A real-life ‘teleserye’ | Inquirer Opinion

A real-life ‘teleserye’

One netizen commented that it was like a scene straight out of a “teleserye.” A policeman shot one of the tires of the vehicle where his wife, a lady cop, was to prevent her from fleeing with her suspected lover, also a policeman. Another policewoman, the wife of the alleged lover, injured the shoulder and leg of her husband. It all happened after two police officers were caught by their spouses allegedly committing adultery inside a cramped vehicle parked in a family-friendly mall in broad daylight. The police are still searching for the policewoman, who escaped after the incident.

This is not the finale of a soap opera but a crime report filed at the Laguna provincial police office on April 28.

I grew up watching television, and being in front of a TV screen familiarized me with how the police are portrayed in the media. Many of the antagonists in one of the most popular Filipino action TV series, “FPJ’s Ang Probinsyano,” were police officers. They were involved in drugs, corruption, extrajudicial killings, and other abuses of power the scriptwriters could think of. Filipino action films of the past often portrayed policemen not only specializing in catching criminals but also as experts in collecting women. The police cannot be latecomers in every kidnapping climax in a fictional drama series or film. However, as I grew up, the line that separates art and life became narrower and less visible.

I was 6 years old, sitting on the floor of our living room, when the Manila hostage crisis unfolded on TV in 2010. My young mind could not comprehend its severity, but for sure, many Filipinos did, as live broadcasts showed how passengers of a tourist bus were taken hostage; nine people died, including the perpetrator, a former policeman.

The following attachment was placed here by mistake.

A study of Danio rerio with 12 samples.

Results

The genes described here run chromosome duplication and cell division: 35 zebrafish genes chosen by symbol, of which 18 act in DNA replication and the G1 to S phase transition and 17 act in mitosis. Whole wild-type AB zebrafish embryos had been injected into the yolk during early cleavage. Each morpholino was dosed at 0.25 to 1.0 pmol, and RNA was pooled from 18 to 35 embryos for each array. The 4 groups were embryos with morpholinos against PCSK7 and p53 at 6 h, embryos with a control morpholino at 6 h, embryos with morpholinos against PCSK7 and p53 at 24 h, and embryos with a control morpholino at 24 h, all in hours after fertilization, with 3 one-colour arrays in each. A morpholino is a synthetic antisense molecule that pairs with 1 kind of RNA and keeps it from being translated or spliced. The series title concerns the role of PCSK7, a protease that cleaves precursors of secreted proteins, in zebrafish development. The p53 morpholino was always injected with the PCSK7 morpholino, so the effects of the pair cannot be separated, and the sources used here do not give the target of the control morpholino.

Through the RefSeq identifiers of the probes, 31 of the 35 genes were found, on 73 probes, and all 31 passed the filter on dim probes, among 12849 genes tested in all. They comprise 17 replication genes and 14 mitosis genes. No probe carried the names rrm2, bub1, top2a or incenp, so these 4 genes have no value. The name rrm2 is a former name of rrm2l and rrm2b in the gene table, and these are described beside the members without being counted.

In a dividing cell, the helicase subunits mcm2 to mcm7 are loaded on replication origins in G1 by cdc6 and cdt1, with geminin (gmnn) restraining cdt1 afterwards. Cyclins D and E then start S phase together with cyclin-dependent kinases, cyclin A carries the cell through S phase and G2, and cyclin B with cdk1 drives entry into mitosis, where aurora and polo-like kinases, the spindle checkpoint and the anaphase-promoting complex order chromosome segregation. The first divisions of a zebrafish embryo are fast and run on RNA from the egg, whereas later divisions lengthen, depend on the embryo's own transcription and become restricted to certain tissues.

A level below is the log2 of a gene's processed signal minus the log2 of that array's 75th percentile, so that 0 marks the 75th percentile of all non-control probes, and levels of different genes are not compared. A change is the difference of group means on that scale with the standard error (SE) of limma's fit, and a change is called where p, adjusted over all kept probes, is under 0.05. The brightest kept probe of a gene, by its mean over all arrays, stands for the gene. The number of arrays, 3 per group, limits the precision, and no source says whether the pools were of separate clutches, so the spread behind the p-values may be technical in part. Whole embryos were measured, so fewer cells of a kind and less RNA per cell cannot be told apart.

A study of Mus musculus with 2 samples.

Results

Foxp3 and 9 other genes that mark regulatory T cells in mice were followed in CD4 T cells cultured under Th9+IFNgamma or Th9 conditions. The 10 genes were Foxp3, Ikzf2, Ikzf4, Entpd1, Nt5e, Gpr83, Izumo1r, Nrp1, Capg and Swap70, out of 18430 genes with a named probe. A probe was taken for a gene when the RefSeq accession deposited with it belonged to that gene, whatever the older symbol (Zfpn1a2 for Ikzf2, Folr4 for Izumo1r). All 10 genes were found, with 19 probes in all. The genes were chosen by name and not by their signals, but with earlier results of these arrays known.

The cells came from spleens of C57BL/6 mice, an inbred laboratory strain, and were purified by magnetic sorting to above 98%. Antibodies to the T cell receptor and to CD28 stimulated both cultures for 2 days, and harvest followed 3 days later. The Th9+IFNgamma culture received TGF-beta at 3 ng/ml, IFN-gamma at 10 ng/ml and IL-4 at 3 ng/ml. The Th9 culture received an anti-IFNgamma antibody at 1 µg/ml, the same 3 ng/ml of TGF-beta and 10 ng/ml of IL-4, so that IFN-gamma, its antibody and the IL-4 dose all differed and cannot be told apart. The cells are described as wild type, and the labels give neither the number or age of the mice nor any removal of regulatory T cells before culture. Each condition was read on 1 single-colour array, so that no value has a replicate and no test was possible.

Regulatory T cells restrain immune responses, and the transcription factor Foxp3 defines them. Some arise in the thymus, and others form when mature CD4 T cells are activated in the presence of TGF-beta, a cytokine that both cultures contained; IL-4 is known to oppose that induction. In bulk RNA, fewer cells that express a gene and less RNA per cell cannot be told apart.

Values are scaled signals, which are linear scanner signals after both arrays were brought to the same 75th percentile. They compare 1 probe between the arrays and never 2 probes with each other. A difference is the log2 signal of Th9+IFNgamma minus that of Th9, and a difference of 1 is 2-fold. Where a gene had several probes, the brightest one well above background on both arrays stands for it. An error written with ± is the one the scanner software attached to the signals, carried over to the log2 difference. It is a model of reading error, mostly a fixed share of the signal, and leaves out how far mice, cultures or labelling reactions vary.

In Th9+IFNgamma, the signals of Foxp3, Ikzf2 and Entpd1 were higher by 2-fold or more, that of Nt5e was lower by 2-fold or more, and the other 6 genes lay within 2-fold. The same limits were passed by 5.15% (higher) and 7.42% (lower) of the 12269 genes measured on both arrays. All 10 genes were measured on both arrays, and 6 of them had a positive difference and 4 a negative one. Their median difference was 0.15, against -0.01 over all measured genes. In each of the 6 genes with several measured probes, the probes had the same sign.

I was in elementary school when I learned the word “pangongotong.” In 2017, a list of the most corruption-related complaints filed with the Office of the Ombudsman was released and the Philippine National Police placed second to local governments.

I was 12 years old and in high school when the war on drugs began in 2016. I listened to the news while doing assignments inside our home. Other children like Kristine Joy Sailog were not as lucky, however. Three days before Christmas, Kristine Joy, who was the same age as me, was shot by motorcycle-riding gunmen whose supposed target was a drug suspect. It added to the pile of unsolved cases of vigilante killings.

In 2018, while I was sleeping soundly with my family in the comforts of our home, authorities reported that the 15-year-old daughter of drug suspects was brought to a motel by a police officer and allegedly raped her in exchange for her parents’ freedom. It would be unfair to generalize the police force for the few rotten apples in the barrel, but why do we place the responsibility of picking the good from the bad on the naïve, oppressed, and often impoverished civilians?

I am now in my 20s reading about the recent police-related incident. It is not cruel and grave compared to the issues in recent years. There were no civilians involved and no “collateral damage.” It did not spark a huge outrage from human rights groups, but the lack of serious attention it received is a dead giveaway of our expectations of law enforcement officers.


Two people who are equipped, authorized, and trained to handle guns responsibly used their deadly firearms against their spouses. Two people who are supposed to maintain public order allegedly committed indecency in a public place. Violence has dominated our television and media platforms for so long that this incident has been reduced to entertainment. The line between art and life has become so blurry that it has desensitized people, making the bar we hold for our officers so low or even barely existing.

Police brutality, corruption, and other power-tripping crimes are not soap operas that would end when viewership drops. They would persist, infiltrate our homes, and be much closer to our reality than expected. Losing our interest should not be as easy as switching channels on TV.


It is about time that we get that remote control. Turn up the volume so that those sitting in power will be compelled to listen.